The Irishman — the new Martin Scorsese film starring the likes of Robert De Niro, Al Pacino, and Joe Pesci among others — is out now on Netflix. With a reported production budget of $160 million (about Rs. 1,150 crores) and a runtime of nearly three and a half hours, it is arguably the biggest movie and by far, the longest one, produced by the world's biggest streaming service. It's also one of its best, with a 96 percent rating on reviews aggregator Rotten Tomatoes. But if you were hoping to catch the epic crime drama on the big screen in India, well, your options are non-existent. (Unless you're capable of time travel, which we'll get to in a minute.) So whose fault is it, Netflix or India's big cinema chains?
PVR Pictures CEO Kamal Gianchandani told Gadgets 360 on Wednesday that the eight-week — or 56 days, if you prefer — theatrical window is “sacrosanct” in India. (Amazon has pushed it down to four weeks for some South Indian movies that it didn't produce.) Gianchandani noted the 56-day window is already shorter than the 90-day window that applies to most of North America and Europe. And because PVR knew Netflix's position on theatrical windows, “there was no direct engagement. I've personally spoken to a few people in Netflix in Los Angeles office. But we knew what their position is, they knew what our position is, so we never really got down to negotiating anything.”
“Anything less than eight weeks is not doable from theatrical perspective,” Gianchandani said, and added in a jab at Netflix: “It's being followed by all studios. With Amazon [original movies], because they have been adhering to windows, there is no problem.” Gianchandani noted that the likes of Oscar-winning Manchester by the Sea were released in theatres; not in India, albeit for reasons different from The Irishman. Gianchandani said PVR Cinemas is open to screen films made by streaming services as long as they adhere to India's eight-week theatrical window. Netflix agreed to a 26-day theatrical window for The Irishman, which released November 1 in select cinemas in the US, the UK, Australia, Germany, Italy, Japan, South Korea, and Spain.
PVR might be India's biggest cinema chain but it's not the only big player. Cinépolis didn't respond, though the cinema chain declined to screen Oscar-winning Roma — made by Mexican director Alfonso Cuarón — in its home country of Mexico last year, because it wanted a longer window than Netflix was willing to offer. And in a statement to Gadgets 360, INOX's chief programming officer Rajender Singh Jyala said: “INOX follows the globally-honoured and a well-set theatrical window phenomenon, which lends sustainability to the content and brings value to the content creator. As far as The Irishman is concerned, the makers of the film did not reach out to us for screening in India.”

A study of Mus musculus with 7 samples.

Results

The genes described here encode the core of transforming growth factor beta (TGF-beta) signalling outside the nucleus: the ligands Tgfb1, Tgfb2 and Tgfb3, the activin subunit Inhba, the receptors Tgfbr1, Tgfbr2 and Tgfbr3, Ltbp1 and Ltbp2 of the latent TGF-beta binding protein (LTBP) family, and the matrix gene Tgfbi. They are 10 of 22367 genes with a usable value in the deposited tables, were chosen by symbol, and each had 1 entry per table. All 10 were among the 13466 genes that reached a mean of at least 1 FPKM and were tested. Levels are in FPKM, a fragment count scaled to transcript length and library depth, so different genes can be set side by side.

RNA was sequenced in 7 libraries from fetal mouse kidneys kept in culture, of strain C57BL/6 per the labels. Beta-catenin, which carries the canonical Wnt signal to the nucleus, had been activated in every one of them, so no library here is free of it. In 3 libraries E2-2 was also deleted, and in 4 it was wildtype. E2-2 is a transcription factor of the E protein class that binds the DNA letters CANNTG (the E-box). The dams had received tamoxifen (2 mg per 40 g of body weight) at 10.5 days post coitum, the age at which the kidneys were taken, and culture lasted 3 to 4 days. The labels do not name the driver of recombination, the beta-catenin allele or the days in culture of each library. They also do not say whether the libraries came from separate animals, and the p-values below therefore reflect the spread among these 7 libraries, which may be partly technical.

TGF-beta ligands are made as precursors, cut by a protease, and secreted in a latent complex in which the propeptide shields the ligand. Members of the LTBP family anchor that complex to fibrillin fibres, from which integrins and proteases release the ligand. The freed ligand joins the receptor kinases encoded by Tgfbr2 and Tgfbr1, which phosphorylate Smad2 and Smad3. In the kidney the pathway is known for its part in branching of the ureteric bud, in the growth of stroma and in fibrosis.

It's strange that Netflix didn't even bother to try and get The Irishman in cinemas across India, considering the stars at its disposal: Scorsese, De Niro, and Pacino to name. After all, most Scorsese movies, including even his passion project Silence — which failed to recover its modest budget globally — have been released in Indian theatres in the past. Moreover, The Irishman deserves to be seen on the big screen, as this correspondent can attest from his experience at the 2019 Mumbai Film Festival — colloquially known as MAMI — where Netflix presented it alongside five other original titles. If you're capable of time travel, this is where your skills come in.
Netflix's streaming-first approach does a lot of good, but it's a shame — and a huge disappointment for film-lovers — every time a film like The Irishman doesn't grace the big screen. Netflix did not respond to repeated requests for comment.